This ‘Back to the Future Day’ we’re looking back on Chief Exec Nick Massey’s column from June’s fanzine.
‘Back to the Future Day’ commemorates the exact day that Marty McFly and Doc Brown visited in part two of the famous 80’s classic…
‘In the year 4545, You ain’t gonna need your teeth, won’t need your eyes, You won’t find a thing to chew, Nobody’s gonna look at you’
I hope that when Zager & Evans topped the UK charts in 1969 with their one hit wonder ‘In the Year 2525’, they had their tongues firmly in their cheeks when they penned this third verse. But it makes you think doesn’t it? Do any of us think much longer than the near future? What you might do when you retire? Are you going to renew your season ticket next season? What’s for tea?
When I was growing up the future was all about the Millennium – the Year 2000. It’s all we focused on for about 20 years. It came. It went. No biggie. Nowadays what future date do you have in mind? If any? Even the question what are you going to do when you retire, isn’t really pushing the boundaries of science fiction is it? How, or perhaps rather more specifically when, do you see the future?
25 years from now?
In 1989 when Back to The Future Part 2 was released we saw Marty McFly & Doc Emmett Brown hurtled forward in time to the simply impossible to imagine date of October 21st 2015! The film foresaw flat-screen TVs, hands free video game controllers and internet video chat systems. Well I can’t see anything like that happening in the next 5 months can you?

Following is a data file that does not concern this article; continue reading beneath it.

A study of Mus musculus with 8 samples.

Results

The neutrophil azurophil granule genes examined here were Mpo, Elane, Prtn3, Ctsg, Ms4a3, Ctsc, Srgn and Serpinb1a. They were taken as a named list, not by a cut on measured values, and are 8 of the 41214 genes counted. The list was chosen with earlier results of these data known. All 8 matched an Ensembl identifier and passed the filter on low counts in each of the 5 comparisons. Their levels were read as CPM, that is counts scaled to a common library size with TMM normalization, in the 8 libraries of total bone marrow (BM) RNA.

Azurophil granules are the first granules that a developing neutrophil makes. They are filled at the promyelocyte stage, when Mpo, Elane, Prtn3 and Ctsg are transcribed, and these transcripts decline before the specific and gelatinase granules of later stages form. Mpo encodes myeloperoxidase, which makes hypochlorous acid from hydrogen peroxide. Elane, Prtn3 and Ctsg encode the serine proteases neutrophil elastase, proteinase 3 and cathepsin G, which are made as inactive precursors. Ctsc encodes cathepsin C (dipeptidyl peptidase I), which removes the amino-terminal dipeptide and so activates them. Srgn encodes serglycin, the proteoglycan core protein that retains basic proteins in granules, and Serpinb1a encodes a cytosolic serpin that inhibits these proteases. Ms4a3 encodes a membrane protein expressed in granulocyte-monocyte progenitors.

50 years from now?
Well Ray Bradbury predicted the earbud headphone in his 1953 novel Fahrenheit 451 and by the year 2000 we all had them.
The first sci-fi discussion of video phones was published in Modern Electrics magazine in 1911 and included a device called the “telephot” that let people have eye contact while speaking across long distances.
The earth is 4.6billion years old and civilisation about 130,000 and we talk about the future in periods of 10, 20, 30 maybe at a stretch 100 years. But what about 1,000 years or 10,000 years? The future in which our children’s grandchildren, and their grandchildren’s grandchildren will hopefully exist. Surely as a civilised society we need to start thinking about what sort of world we want to leave behind. Surely we want that world to be a kind, gentle and caring place and if we don’t believe in the future, quite honestly, what’s the point.
We’re at a unique point in time. A time when our generation needs to recognise that we need to look after our communities and make sure that they are great places for future generations to live
work and love. Let’s not let ourselves down, the future isn’t far away. Let’s care enough to act.